Volume 13 Number 5/6
In This Month's Issue of D-Lib Magazine
This is a busy time of year at universities, as semesters come to an end, final exams and papers are turned in for grading, and graduation ceremonies take place. But in spite of that, authors from several universities worldwide have made time to contribute the several articles and other features we bring you in this issue of D-Lib Magazine.
Three of the articles in this issue focus on institutional repositories (IRs). Steve Hitchcock, Tim Brody, Jessie M.N. Hey, and Leslie Carr discuss the Preserv project at the University of Southampton. They describe how through the evolution of a series of models they have developed a vision for flexible and distributed preservation services for IRs. Margaret Henty outlines ten issues (plus one) that senior university personnel in Australia feel will be the major issues facing their repository services over the next five to ten years. Ana Alice Baptista and Miguel Ferreira provide details of three DSpace system add-ons that were developed as part of an ongoing project at the Universidade do Minho in Portugal.
Leveraging current collaborative digital technologies to improve location of and access to digital collections was the motivation behind projects described in three other articles in this issue of D-Lib. Elizabeth Yakel, Seth Shaw and Polly Reynolds provide details about the work done by the Next Generation Finding Aids Research Group at the University of Michigan to develop "an archival access system that combines existing archival practice (EAD) with 'Web 2.0' features". Ann Lally and Carolyn Dunford, who are members of the University of Washington Libraries Digital Initiatives unit, describe a low-cost way they've developed for reaching beyond the boundaries of their library to bring increased visibility to the University of Washington digital collections. They are doing this by editing existing Wikipedia articles to add links back to University of Washington collections or by creating new Wikipedia articles that provide such links. In their article, Eric Weig, Kopana Terry, and Kathryn Lybarger from the University of Kentucky describe in detail a pilot project at their university library in which a large number of analog audio tapes from the University's oral history collection have been converted to digital format for increased access and archival purposes.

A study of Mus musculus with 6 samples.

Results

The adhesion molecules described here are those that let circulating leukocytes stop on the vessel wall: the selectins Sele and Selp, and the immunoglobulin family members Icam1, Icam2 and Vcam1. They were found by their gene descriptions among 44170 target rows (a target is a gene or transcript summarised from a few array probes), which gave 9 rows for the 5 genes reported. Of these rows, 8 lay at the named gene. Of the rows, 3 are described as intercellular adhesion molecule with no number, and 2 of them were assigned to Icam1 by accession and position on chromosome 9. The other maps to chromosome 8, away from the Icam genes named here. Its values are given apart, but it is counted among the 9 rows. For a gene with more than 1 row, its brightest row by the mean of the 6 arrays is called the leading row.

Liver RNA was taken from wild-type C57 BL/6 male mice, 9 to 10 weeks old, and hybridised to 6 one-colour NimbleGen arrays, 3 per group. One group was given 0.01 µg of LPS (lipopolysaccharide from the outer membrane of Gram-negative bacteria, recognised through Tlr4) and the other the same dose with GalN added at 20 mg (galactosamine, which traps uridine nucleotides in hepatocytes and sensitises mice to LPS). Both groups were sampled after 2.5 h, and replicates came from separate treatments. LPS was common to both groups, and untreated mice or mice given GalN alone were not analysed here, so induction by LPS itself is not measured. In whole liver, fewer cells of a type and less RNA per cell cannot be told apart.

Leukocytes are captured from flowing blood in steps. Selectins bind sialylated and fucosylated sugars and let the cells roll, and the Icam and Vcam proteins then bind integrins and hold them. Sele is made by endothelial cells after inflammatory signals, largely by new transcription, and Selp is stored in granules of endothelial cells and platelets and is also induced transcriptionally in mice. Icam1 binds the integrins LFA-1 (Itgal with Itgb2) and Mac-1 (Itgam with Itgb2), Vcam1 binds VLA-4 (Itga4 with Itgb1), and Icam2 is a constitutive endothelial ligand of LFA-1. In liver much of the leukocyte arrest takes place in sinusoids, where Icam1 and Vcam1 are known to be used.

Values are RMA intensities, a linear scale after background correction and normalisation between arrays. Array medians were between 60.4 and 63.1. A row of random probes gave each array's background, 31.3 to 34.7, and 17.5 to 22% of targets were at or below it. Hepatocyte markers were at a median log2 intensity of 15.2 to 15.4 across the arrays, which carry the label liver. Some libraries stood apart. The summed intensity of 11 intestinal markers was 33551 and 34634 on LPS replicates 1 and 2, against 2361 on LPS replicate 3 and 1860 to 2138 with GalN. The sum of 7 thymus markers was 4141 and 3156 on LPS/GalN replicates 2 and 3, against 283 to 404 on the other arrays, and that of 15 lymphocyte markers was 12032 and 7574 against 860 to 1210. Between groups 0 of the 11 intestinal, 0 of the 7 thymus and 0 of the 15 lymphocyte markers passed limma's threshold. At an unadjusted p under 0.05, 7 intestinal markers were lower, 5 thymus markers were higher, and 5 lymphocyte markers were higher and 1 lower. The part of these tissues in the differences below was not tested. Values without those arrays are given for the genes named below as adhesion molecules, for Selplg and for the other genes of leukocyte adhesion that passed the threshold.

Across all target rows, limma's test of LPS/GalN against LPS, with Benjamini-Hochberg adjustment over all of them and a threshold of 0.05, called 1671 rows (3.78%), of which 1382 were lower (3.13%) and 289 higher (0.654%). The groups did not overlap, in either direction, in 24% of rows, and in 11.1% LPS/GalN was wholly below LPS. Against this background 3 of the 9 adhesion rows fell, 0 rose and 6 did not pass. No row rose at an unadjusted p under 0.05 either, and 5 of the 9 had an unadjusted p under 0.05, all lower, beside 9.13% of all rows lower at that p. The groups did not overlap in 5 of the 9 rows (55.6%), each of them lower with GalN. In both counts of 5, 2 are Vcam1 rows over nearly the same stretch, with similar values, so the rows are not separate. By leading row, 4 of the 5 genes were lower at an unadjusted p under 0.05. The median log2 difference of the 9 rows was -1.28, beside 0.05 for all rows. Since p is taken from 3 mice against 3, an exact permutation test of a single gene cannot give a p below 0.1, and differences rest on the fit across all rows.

Kostas Saidis and Alex Delis, University of Athens, discuss type-consistent digital objects and present an overview of a framework they have developed using Digital Object Prototypes (DOPs). They state: "The DOPs framework provides a domain-specific realization of digital object types and classes, tailored to the needs of digital object management and manipulation."
In his opinion piece, Arthur Sale, University of Tasmania, challenges libraries to consider using funds budgeted for acquisitions to support open access to scholarly content, and to become engaged in the research process at their institutions in new and different ways.
We hope readers will find these and the other features in this issue of D-Lib Magazine interesting, enlightening and thought provoking, and as always, we welcome your comments and suggestions on this and future issues of the magazine.